In a previous article I said: “At the most crucial time national level entities were pulling standard operating procedures off the shelf and attempting to jump start antiquated and outmoded linear processes.” That list of processes includes the FAA’s primary net, the NMCC’s significant event conference/air threat conference call, Richard Clarke’s secure video teleconference (hereafter SVTS), and something we have not previously discussed, NOIWON.
This is the first in a series of three articles that deal with national level processes that worked but were either irrelevant or non-productive, or both on 9-11. In the next two articles we will adress SVTS and a thing called CRITIC.
Sometime in the 9:20 timeframe on 9-11 the Central Intelligence Agency initiated a NOIWON conference call. That simple act accomplished what the NMCC’s Significant Event Conference and the FAA’s Primary Net could not do, it linked DoD and FAA together in a secure multi-agency conference.
The NOIWON (National Operational Intelligence Watch Officer’s Network) has been around for a long time. It is a hotline that allows the several WAOC (Washington Area Operations Centers) 24-hour alert centers to informally discuss things that go bump in the night. Among its subscribers on 9-11 were the CIA, NSA, DIA, State Department, NMCC, FAA, and the White House Situation Room (WHSR). I knew from previous experience as a user of the NOIWON that it was not a recorded line. Nevertheless, the Commission Staff persistently asked agencies, specifically DoD, if the line was recorded that day. The ultimate answer was that it was not.
Any node on the network could activate the line at any time. Typically it was used to quickly share information and ask questions about untoward events. It was, primarily, an intelligence/information sharing line not an operational line. Despite its fancy sounding name and despite the fact it linked multiple locations together it did not play a major role on 9-11.
We know from secondary source information that the NOIWON hotline was at least twice used on the morning on 9-11. A Log from the FAA’s Intelligence Watch shows that the line was activated by the CIA sometime after 9:16 and before 9:25. According to interviews with concerned FAA personnel CIA was asking what was going on, the line was left open, and subsequent conversations consisted mostly of people asking questions; what little information was exchanged was second hand. None of the primary source information from NEADS or the FAA’s Herndon Center was directly fed into the NOIWON conference.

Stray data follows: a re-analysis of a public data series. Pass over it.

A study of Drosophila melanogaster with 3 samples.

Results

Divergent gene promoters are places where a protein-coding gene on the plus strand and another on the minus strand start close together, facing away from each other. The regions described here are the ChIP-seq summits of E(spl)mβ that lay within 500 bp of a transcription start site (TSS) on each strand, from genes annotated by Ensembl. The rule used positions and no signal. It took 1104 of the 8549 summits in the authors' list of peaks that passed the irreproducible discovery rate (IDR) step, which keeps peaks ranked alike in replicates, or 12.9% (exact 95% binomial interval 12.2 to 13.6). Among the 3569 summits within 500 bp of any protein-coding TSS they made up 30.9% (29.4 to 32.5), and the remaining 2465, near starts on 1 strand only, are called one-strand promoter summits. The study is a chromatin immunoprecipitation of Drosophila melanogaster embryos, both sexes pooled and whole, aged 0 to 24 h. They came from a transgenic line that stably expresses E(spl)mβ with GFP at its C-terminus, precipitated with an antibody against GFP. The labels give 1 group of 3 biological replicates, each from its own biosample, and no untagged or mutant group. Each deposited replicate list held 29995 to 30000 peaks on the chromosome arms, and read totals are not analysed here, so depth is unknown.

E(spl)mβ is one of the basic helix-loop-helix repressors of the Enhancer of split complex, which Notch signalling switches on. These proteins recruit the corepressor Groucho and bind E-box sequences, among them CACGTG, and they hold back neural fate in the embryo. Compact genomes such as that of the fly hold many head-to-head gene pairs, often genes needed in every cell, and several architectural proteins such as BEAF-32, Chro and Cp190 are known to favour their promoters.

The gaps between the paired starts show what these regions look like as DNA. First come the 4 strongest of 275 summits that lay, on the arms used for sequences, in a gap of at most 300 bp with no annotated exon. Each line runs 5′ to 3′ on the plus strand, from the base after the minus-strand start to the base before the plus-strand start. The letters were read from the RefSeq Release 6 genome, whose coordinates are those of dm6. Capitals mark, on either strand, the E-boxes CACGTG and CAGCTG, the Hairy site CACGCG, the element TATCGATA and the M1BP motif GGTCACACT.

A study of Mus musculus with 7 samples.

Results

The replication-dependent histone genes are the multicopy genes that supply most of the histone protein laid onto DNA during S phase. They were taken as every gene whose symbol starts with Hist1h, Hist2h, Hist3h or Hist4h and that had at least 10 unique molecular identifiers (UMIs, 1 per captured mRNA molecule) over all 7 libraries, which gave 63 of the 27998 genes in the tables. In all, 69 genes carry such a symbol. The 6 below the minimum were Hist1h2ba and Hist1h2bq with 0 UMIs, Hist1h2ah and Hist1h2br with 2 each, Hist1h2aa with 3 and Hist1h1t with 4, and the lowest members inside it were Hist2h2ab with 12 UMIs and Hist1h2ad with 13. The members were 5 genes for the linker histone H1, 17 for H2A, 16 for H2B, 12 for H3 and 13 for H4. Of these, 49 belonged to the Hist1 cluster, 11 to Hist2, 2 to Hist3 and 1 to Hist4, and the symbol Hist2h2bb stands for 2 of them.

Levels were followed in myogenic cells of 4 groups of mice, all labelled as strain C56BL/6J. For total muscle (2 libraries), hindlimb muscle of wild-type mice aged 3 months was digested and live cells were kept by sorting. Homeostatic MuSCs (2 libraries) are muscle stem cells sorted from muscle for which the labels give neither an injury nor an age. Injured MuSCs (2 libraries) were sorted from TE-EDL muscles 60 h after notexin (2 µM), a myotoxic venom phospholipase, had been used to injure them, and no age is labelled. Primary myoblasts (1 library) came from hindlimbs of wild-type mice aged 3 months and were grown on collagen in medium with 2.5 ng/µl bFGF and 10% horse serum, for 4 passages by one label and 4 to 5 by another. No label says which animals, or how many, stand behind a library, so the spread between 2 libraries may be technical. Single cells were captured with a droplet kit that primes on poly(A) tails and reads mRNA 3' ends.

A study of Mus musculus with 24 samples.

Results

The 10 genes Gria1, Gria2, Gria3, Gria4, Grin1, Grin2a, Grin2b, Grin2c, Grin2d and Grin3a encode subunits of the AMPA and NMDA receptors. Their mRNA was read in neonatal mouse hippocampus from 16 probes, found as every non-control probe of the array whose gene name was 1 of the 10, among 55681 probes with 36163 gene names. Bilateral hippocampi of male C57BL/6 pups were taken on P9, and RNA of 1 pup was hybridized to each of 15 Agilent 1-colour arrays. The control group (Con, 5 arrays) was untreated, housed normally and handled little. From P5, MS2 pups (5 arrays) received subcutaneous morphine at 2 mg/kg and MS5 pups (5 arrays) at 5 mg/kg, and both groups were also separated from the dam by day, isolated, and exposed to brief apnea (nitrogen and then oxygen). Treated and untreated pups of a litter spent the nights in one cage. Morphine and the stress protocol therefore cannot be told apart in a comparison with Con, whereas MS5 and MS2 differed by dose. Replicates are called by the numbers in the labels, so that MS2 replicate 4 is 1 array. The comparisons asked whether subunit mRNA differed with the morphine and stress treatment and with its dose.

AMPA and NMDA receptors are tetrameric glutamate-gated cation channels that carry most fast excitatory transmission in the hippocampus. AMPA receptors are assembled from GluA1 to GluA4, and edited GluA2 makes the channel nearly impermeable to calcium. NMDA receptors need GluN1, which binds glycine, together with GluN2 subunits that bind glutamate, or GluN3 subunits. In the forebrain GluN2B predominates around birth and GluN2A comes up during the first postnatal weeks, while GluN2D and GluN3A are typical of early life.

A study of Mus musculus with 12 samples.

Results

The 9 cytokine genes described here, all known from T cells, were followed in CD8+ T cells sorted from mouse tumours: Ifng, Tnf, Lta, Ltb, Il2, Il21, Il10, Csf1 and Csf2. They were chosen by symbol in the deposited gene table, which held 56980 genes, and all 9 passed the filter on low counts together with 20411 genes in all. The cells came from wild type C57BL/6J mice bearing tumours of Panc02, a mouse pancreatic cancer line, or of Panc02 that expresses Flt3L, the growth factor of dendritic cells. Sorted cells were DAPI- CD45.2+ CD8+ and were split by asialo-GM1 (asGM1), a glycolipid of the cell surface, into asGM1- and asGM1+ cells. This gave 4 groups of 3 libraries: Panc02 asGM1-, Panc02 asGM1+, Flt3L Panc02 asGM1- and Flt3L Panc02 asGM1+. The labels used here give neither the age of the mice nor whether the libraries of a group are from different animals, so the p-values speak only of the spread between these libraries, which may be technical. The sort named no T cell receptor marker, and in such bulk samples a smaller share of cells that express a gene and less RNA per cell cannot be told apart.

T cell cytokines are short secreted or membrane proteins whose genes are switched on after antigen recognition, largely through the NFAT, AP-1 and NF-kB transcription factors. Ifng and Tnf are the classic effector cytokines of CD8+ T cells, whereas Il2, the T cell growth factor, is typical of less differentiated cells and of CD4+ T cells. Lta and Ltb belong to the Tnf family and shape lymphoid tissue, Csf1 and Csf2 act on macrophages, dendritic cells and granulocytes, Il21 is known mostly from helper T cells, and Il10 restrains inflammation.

NSA initiated a second NOIWON conference at 10:20. We will speak to that conference in a subsequent article on CRITICS.
NOIWON treated seriously by the NMCC
The NMCC considered the NOIWON link a primary source of information and devoted a general officer solely to the line. Brig Gen Seipe, himself a trained DDO, was present that day attending the same closed door promotion board meeting as did the designated DDO, BG Winfield. In fact the NMCC had four trained DDO’s available for duty that morning; Winfield, Seipe, Navy Capt Leidig (the ADDO), and Army Colonel Susan Kuehl, the supervisor of day-day operations at the NMCC.
The NOIWON line rang in the DDO’s office and later after Winfield relieved Leidig he always had line-of-sight contact with Seipe.
NOIWON not recognized by FAA as a secure line of communication
By contrast, the FAA’s node was in the Intelligence Watch several floors below the Washington Operations Center and there was no direct secure communication link even within FAA headquarters. The Watch did maintain a small secure room off of the Operations Center but that capability was not immediately activated. The NOIWON conference was never a factor in FAA’s attempt to gain operational contact with FAA DoD (corrected Oct 22, 2009).
Chaos not managed
We have consistently shown that linear processes, the default government solution across the board that morning, were ineffective if not counter-productive. The government’s habitual reference to checklists, SOPs, and established protocols was not just a ‘failure of imagination’ it was a failure of performance. No one at any level solved the ‘strange attractor’ equation and linked Herdon Command Center and NEADS together to fight the battle.
NOIWON was one status quo linear process available to share information. It was not value added to the battle fought by Colonel Bob Marr at NEADS and Ben Sliney at the Herndon Command Center.